Bugatti is celebrating the 100th anniversary of the Type 32 "Tank," one of the most distinctive race cars from the automaker's golden age.
The Tank got its name from its unusual shape, which contrasted the lithe appearance of other prewar Bugatti cars, as well as its exposed rivets and bolts. While it was nicknamed for plodding tracked military vehicles, the Tank's design was inspired by airplane wings, and intended to improve aerodynamic performance, according to Bugatti.
Bugatti used the Type 30 as a starting point, incorporating that car's 2.0-liter inline-8 engine, which produced around 88 hp and drove the rear wheels through a 3-speed manual transmission. But the wheelbase was shortened and the track narrowed to accommodate the new body shape.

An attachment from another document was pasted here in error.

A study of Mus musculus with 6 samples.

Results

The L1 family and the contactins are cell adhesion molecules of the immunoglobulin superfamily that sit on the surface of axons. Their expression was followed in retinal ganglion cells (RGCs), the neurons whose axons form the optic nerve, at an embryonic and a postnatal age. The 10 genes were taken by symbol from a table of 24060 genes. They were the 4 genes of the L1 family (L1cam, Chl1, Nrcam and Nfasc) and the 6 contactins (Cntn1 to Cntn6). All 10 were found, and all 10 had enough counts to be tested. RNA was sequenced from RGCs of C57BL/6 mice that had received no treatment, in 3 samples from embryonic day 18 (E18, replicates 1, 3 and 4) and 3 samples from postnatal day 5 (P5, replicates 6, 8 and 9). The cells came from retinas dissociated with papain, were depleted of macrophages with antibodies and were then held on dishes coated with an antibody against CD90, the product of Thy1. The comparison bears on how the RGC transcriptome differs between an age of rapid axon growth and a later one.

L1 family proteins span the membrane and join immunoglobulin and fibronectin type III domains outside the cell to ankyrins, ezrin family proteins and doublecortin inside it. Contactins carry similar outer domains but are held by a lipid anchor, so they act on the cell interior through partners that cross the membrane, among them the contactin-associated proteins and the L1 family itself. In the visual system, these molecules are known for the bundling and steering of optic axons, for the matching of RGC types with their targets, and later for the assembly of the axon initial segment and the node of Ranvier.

Aside from the styling, the Tank had some mechanical features that were considered innovative in the day, including an underslung chassis and front hydraulic brakes. Four production cars were built, plus a prototype.
Bugatti Type 32
The Tank made its racing debut on July 2, 1923, at the French Grand Prix, which was held in the city of Tours in the Loire Valley that year. Bugatti entered all four production cars in the race, which consisted of 35 laps around a 14.1-mile circuit comprised of public roads. The best finish by a Tank driver was by Frenchman Ernest Friderich, who placed third. He completed the race in seven hours and 22.4 seconds, with an average speed of just under 70 mph.
The 1923 French Grand Prix was the Type 32's only race, as Bugatti quickly shifted focus to development of the Type 35. However, the Tank nickname would live on with the Bugatti Type 57G, which won the 1937 24 Hours of Le Mans, as well as the 1936 French Grand Prix.